As strange as that sounds, you have to admit that it is oddly satisfying when you lift up a laptop lid in one smooth, slick motion courtesy of a well-designed hinge. Google nailed this feel quite recently with the Pixelbook. The premium Chromebook’s 360-degree hinges feel just right when flipping between laptop and tablet modes.
With all this in mind, it’s not that surprising to hear that Google has had hinge-based innovation on its mind for quite some time.
In fact, according to a newly-granted patent, Google has been looking at ways to improve laptop ergonomics since 2013. Although maybe this time the search giant went a little too far trying to fix a problem that doesn’t really exist.
The patent, uncovered by Patently Apple, describes a sort-of-hands-free system that essentially opens a laptop for you. It starts with pushing a touch-sensitive pad. This then activates one or more motorized hinges that stop once the screen is in the correct position.
This needlessly complex system somehow isn’t done, though. The patent also describes a series of ambient light and camera sensors that track the user’s face. By doing this, a laptop could theoretically adjust its display based on the user’s position. That’s right, you might one day own a laptop that follows your head movements.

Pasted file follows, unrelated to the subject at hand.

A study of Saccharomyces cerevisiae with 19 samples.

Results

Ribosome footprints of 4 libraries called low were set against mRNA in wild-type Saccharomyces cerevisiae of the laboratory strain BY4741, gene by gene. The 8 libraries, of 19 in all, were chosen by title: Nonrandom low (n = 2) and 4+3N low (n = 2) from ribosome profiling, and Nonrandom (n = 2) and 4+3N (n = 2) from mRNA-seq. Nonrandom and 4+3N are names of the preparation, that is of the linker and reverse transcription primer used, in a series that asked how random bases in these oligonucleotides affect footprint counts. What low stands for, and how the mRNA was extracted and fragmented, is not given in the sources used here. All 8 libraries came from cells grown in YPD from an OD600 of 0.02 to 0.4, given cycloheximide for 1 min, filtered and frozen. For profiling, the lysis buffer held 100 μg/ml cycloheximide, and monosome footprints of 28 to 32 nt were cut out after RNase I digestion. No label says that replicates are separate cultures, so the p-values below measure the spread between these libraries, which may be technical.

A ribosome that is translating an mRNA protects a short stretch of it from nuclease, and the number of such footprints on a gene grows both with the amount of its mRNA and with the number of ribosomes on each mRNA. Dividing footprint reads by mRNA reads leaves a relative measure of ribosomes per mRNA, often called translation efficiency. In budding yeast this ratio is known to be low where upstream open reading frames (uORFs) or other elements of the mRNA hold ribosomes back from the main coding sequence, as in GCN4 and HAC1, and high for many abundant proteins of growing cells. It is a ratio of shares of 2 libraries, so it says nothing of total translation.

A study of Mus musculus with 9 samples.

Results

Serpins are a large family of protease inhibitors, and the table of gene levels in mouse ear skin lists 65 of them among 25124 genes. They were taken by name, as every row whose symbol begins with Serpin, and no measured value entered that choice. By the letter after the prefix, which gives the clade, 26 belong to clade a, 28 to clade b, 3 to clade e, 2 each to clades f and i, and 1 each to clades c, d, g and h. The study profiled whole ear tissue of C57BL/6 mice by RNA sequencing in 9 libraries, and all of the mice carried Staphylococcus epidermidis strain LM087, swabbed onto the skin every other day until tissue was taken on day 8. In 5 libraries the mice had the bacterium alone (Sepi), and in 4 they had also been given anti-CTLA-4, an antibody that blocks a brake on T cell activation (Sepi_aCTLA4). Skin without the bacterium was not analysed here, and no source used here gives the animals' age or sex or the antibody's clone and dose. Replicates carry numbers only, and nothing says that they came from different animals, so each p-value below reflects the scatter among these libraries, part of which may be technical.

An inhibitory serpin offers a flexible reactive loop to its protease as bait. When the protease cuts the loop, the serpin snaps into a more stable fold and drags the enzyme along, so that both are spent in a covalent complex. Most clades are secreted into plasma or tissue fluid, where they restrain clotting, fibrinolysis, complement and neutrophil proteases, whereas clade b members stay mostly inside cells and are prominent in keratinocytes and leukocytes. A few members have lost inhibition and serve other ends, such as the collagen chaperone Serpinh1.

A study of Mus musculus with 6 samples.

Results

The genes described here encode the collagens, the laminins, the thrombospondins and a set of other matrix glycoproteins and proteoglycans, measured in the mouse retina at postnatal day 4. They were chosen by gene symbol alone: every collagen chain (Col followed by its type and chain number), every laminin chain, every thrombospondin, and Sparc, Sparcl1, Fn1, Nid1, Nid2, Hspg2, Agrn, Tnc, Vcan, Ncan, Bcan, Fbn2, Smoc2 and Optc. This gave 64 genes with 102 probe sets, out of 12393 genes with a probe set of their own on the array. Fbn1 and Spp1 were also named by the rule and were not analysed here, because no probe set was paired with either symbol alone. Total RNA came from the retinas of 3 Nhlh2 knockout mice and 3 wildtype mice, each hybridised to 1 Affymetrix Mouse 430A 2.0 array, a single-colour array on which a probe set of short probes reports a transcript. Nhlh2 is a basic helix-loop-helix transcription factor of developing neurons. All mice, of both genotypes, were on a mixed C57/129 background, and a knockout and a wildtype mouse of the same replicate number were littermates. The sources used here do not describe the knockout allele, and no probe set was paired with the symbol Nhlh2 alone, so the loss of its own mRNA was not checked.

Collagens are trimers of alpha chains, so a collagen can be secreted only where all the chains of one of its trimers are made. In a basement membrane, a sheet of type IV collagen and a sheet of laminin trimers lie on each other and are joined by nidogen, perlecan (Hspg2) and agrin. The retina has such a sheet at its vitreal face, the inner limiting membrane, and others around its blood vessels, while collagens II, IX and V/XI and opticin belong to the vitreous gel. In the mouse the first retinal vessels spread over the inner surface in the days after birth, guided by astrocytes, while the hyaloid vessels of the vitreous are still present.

Here’s the related excerpt from the patent itself:
In one embodiment, the computer may have an image sensor configured to detect the user’s face and continuously adjust the angle and position of the lid to keep the face in the field of view of the camera and/or keep the lid in the optimum viewing position.
An autonomous screen isn’t the worst idea in the world, but the combination of motorized hinges and motion-tracking tech does seem a little excessive when you could easily just tip the lid with your finger.
Will Google’s incredibly lazy (and potentially a little bit creepy) hinge-tech come to the Pixelbook 2? It could, of course, but it’s always worth remembering that companies like Google submit thousands of patents that never come to life. I know I’d be quite happy to see this one stay dead.